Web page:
Hillside art in Grass Valley honors Vietnam vets | TheUnion.com

Trina Kleist
Special to The Union
Old Barn Self Storage Manager Lloyd Young, left, and Nevada County artist Steve Liserra teamed up to create this image inspired by Richard Rist's “Fallen Soldier.” Their art may be seen on Old Barn’s hillside fronting Highway 20/49 in Grass Valley, just north of the Dorsey Drive interchange.
Submitted photo by Trina Kleist |

A giant image of “Fallen Soldier” rises on a Grass Valley hillside in honor of all who served during the Vietnam War — in time for today’s nationwide observance of Vietnam Veterans Day.

Giant metal dog tags swing in the wind and bang against the 16-foot-high painting of a helmet atop an inverted rifle and empty boots. Motorists can see the creation from Highway 20/49 as they head north past Old Barn Self Storage, just past the Dorsey Drive interchange.

Old Barn already commemorates World War II veterans with an enormous reproduction of the iconic photo from the battle of Iwo Jima. Manager Lloyd Young wanted to expand the hillside tribute to honor vets from the Vietnam War, which shaped his own generation. With the blessing of Old Barn managing partner Stephen R. DeSena of Nevada City, and the help of artist buddy Steve Liserra of Nevada County, the mural went up on the hillside earlier this month.

“We hope with this project to encourage people to continue to show respect to our military and their families,” Young said.

The art is a personal tribute for both Young and Liserra. Young entered the U.S. Army Infantry in 1971 and continued in the Army Reserves. Liserra served in the National Guard starting in 1969.

“I owned those boots,” Liserra said. “I had that rifle.”

Liserra remembers the first high school friend who died in Vietnam: John Burke, “a really good guy,” Liserra said. That sparked an uneasy conflict of emotions: “He went. It was something you had to do,” Liserra recalled. “There were all these protesters. They just didn’t want to go.”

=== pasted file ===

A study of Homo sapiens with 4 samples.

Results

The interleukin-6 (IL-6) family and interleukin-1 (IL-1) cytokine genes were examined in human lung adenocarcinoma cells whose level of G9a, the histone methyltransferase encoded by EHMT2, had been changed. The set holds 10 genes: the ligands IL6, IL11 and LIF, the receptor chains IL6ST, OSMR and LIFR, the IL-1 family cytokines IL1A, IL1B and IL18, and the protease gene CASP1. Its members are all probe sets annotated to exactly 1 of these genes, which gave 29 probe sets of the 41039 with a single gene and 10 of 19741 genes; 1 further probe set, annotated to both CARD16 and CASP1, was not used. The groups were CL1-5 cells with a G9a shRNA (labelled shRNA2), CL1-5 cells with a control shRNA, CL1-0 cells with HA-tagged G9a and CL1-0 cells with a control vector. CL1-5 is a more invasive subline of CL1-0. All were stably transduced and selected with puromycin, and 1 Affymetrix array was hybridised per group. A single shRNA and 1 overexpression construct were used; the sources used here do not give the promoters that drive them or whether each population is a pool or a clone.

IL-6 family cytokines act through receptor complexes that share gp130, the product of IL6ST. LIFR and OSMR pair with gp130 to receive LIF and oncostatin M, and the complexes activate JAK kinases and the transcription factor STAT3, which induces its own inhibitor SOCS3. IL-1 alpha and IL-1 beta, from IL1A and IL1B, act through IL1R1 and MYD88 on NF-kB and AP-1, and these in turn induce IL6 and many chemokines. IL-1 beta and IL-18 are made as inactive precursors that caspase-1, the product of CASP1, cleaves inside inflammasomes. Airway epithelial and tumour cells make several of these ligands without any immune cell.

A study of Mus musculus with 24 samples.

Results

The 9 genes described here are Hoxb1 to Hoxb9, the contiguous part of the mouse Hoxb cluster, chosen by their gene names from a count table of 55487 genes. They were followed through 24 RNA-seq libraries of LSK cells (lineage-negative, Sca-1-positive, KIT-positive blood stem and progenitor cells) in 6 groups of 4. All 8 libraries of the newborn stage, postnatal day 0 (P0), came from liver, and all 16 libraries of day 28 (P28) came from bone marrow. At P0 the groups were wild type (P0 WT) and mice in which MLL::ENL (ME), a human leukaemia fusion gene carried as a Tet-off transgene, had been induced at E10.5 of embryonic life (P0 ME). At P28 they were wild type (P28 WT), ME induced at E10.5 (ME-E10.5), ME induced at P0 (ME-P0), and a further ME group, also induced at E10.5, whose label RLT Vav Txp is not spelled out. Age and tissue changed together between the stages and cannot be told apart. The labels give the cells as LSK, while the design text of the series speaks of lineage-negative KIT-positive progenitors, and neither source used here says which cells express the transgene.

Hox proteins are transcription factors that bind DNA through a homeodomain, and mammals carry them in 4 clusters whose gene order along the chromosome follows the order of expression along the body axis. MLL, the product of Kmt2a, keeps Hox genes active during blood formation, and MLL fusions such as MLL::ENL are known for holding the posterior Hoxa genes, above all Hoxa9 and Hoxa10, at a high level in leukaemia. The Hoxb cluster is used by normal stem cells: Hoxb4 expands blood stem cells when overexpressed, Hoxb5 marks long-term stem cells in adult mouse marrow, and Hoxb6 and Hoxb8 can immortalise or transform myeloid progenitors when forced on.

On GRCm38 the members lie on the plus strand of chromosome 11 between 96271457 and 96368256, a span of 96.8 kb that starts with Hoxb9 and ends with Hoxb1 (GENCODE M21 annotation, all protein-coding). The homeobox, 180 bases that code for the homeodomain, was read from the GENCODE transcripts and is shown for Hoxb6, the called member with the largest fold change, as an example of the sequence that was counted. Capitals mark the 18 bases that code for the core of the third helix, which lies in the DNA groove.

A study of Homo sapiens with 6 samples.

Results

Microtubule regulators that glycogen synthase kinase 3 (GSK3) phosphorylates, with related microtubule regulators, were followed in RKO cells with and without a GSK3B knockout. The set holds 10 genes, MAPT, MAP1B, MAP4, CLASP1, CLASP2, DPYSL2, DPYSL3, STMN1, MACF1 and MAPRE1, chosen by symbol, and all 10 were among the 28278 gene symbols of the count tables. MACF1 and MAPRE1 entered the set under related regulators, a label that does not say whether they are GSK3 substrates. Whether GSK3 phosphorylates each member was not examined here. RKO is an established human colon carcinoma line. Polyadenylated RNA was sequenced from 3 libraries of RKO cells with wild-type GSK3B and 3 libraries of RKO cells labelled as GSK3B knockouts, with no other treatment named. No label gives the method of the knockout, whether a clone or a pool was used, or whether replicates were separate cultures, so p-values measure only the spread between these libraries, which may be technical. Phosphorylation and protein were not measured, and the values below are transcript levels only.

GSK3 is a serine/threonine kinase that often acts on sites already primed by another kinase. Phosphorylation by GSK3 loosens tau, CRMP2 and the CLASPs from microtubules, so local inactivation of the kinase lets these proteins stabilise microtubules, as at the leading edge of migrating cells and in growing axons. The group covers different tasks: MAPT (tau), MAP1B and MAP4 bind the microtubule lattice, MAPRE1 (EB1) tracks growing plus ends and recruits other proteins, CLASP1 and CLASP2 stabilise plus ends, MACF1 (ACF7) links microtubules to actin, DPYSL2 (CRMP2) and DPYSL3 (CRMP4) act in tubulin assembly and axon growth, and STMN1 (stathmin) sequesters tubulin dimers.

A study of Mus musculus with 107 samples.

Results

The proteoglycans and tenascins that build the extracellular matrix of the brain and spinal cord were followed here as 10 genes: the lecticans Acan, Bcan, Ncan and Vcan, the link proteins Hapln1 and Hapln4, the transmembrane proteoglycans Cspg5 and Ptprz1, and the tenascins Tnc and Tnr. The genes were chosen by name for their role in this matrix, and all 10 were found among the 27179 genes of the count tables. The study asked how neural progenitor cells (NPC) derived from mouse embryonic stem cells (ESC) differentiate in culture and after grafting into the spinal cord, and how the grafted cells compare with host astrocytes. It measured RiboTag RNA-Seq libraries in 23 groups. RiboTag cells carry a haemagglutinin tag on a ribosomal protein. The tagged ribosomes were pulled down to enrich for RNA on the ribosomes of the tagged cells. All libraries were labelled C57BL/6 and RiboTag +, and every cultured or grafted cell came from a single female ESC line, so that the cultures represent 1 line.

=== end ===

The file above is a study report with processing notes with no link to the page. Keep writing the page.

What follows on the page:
Both men view the war as an unfortunate but necessary struggle to keep America safe. Now, 44 years after the unpopular war’s end, their memorial offers some healing for the mistreatment and rejection many veterans experienced upon returning home.

The composition of helmet, rifle and boots — now called the battlefield cross or soldier’s cross — may have originated during the Civil War to mark the location of a fallen soldier, according to the Smithsonian Institution.

It evolved into a way of mourning the dead at base camp during the Korean War and gained popularity during the recent American wars in Iraq and Afghanistan, Smithsonian reported. The image was popularized in 2004 by Baltimore sculptor Richard Rist, who makes bronze castings on commission. Rists’s “Fallen Soldier” inspired Liserra, he said.

Then-President Richard M. Nixon first called for a day honoring Vietnam Veterans on March 29, 1974 — a year after the last American troops withdrew from Vietnam under the Paris Peace Accords. In 2011, a Senate resolution declared March 30 as “Welcome Home Vietnam Veterans Day.” In 2012, then-President Barack Obama designated March 29 as Vietnam Veterans Day.

More than 3 million Americans served in Southeast Asia during the eight years of direct military involvement, and more than 58,000 service members died. As many as 2 million Vietnamese soldiers and civilians also perished.

Trina Kleist is a Grass Valley-based freelance writer whose clients include Old Barn Self Storage. She may be contacted at tkleistwrites@gmail.com or (530) 575-6132.